We asked our Oakland Voices alumni community members and correspondents: How has pandemic life changed your habits and your outlook? How have you navigated public spaces and health risks now that we are in a different stage of pandemic life? Below, Debora Gordon shares her perspective. Debora Gordon is a retired/rewired teacher, and continuing writer, artist and, of course, lake walker.
When I retired from full-time teaching in OUSD in June 2019 B.C. (Before COVID) and took a 12,000 mile roadtrip around the U.S and Canada, I had no idea how unique it would seem, freely roaming around at will. I experienced distant old and new friends and family warmly embracing me and inviting me into their homes, and staying in motels and AirBnB’s without wondering who might have slept there the night before and whether the room was thoroughly cleaned.
While I am now (mostly) happily “re-wired,” after an 18-month stint of part-time adult teaching after returning, I am in frequent touch with my still-teaching in K-12 classroom friends who daily confront the challenges of the COVID-19 teaching context, from school-provided (or not) masks and tests and Zoom teaching and hybrid and angry and/or frustrated parents. I wonder how I might have navigated it. Perhaps somewhat selfishly, I feel relieved that I am not there anymore, even though I do miss teaching. One of the best things to come out of this seemingly endless COVID experience is the foundational idea behind “My mask protects you; your mask protects me;” the idea that we are all responsible to behave in ways that offer love and support to each other.
Technologically, Zoom, even with all its attendant frustrations and limitations, has also allowed many people not only to work from their living rooms, but those living rooms (or bedrooms or kitchens or porches or cafes) can now be located anywhere. Anywhere on the planet. I have had a chance to Zoom with far-flung friends in other countries; and to teach adult students without having to worry about masking, let alone possibly spreading COVID, and, of course, that very short commute.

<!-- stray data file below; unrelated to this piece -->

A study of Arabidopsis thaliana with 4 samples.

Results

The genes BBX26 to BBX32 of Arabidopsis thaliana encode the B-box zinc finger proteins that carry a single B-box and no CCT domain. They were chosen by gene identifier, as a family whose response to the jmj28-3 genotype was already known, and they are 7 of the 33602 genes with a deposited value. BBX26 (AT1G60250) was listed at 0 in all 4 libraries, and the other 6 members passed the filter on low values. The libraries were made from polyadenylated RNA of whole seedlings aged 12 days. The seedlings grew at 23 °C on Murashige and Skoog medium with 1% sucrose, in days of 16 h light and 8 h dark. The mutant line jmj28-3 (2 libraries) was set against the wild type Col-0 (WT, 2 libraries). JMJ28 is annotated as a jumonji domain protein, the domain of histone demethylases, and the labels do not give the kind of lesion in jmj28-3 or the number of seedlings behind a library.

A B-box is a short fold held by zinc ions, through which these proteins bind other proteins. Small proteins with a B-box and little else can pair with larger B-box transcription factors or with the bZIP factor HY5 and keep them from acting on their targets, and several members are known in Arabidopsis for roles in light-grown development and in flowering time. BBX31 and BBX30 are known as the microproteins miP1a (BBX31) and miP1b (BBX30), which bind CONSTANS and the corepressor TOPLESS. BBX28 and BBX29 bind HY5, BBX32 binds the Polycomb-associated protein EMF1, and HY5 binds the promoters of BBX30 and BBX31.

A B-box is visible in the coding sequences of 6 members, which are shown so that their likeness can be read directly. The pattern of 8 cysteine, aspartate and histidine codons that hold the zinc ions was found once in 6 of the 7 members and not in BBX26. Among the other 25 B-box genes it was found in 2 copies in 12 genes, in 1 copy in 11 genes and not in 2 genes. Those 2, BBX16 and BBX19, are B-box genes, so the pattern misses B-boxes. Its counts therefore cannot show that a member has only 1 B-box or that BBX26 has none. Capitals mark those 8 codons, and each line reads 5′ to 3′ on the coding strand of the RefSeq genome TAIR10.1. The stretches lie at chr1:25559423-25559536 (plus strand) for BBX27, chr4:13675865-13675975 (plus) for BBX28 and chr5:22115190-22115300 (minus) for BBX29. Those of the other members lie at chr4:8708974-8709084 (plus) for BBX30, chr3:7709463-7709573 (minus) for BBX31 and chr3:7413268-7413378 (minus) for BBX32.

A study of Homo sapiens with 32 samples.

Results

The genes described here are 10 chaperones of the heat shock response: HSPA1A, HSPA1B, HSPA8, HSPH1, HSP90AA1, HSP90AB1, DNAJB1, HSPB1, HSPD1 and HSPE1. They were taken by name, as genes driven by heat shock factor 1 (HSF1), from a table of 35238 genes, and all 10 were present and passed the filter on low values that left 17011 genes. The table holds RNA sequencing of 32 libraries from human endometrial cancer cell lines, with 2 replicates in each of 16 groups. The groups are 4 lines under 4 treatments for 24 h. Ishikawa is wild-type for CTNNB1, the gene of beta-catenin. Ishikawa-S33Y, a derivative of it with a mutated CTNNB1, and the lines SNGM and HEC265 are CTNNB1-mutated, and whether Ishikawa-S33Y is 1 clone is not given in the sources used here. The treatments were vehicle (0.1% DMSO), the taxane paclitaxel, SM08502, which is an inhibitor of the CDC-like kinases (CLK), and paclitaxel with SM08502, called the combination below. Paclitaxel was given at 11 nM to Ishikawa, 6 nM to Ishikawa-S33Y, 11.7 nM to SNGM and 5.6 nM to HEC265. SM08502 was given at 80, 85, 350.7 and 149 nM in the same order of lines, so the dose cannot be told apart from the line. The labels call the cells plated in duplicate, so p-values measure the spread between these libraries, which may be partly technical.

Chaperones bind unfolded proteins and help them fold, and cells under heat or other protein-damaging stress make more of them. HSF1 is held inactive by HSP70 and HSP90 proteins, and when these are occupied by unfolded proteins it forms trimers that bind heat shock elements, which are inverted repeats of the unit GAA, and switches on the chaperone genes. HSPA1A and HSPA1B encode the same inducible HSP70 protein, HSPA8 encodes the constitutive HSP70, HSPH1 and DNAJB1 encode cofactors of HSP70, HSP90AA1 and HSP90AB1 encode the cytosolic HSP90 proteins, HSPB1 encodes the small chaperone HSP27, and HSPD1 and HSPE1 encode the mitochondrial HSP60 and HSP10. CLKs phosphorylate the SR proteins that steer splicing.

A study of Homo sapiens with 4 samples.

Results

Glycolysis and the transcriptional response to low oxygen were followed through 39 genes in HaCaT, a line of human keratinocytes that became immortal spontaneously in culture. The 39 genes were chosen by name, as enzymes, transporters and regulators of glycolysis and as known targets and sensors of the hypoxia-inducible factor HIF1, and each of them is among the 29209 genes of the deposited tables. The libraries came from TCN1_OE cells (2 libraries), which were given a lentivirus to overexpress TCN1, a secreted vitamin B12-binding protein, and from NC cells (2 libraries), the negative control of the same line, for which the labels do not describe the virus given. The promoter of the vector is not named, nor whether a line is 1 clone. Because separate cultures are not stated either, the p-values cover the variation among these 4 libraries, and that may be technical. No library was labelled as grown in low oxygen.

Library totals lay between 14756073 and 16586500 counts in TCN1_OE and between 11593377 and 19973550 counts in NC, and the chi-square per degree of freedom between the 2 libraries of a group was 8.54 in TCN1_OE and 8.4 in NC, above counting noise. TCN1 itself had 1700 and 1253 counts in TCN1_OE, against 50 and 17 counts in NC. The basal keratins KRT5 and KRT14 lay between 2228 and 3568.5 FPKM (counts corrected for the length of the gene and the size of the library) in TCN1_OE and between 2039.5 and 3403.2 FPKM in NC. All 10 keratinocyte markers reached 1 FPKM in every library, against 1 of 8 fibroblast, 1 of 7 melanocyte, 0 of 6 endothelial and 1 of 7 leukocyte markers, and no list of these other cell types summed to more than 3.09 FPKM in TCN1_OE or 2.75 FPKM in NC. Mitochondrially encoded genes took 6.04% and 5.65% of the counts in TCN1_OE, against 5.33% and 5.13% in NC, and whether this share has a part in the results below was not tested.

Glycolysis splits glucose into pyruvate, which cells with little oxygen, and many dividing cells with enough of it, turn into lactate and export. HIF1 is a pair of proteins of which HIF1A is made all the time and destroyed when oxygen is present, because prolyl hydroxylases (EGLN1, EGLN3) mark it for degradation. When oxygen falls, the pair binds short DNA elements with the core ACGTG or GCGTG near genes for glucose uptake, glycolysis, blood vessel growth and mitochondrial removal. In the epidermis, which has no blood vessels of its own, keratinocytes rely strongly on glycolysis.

I am easing back into not wearing a mask on my daily walks, usually at Lake Merritt. Early in the mask-wearing phase of the pandemic, I noticed perhaps ⅔ of the lake walkers/runners wearing masks, though often incorrectly, and often just dangling them from an ear, or even a wrist or elbow. As time went on, at the height of the spread about six or seven months ago, most people were masked. But now, as we enter the 3rd year of COVID, I often walk without the mask, or only pull it up over my nose when I come within a few yards of someone; and it seems that only a small percentage of lake walkers are still masked. We give each other a wide berth as we pass.
I have also been meeting friends, all of whom are vaxxed and boosted, in cafes; sitting outdoors, avoiding greeting and parting hugs, as we used to exchange. We are cautious, but with awareness of each other’s status. On my birthday, I invited friends to join me for breakfast, lunch and dinner and two opted out after initially planning to join me; both were later diagnosed with COVID, so I appreciate their fine-tuned attention to the possibility.
Living alone and not working, and free to plan and spend my time based only on my own needs, COVID has had only limited impact on me personally: just the usual remembering to mask, and re-considering any situations that would be put in close contact with others, especially strangers. I keep my distance physically, but in some ways, phone, email, text and Zoom have increased my contact with friends, although I do miss larger gatherings where several of us might meet up.
The ongoing changes in COVID from the latest variants and sub-variants and their particularities, the endless revisions around masks and vaccines and their idiosyncratic demands, have not bothered me as much as the news reports about the public in general. I keep masks handy; a few in my car; in my purse; and easy to grab hanging on the front door knob as I leave my home. Even so, I occasionally forget to take one when about to enter a store and just reach into my bag or return to the car and grab one. It is not a big deal, and an inconvenience of such minimal impact that while I will be glad to bid COVID a less than fond farewell when it finally is demoted to endemic, I am mostly grateful to not (so far!) have contracted it, and consider it, above all, a learning experience; not only about the disease itself, but how we, as individuals, communities, societies and the world, respond to its range of threats. It has been eye-opening, and I think all of us, no matter what we believe, have learned a lot.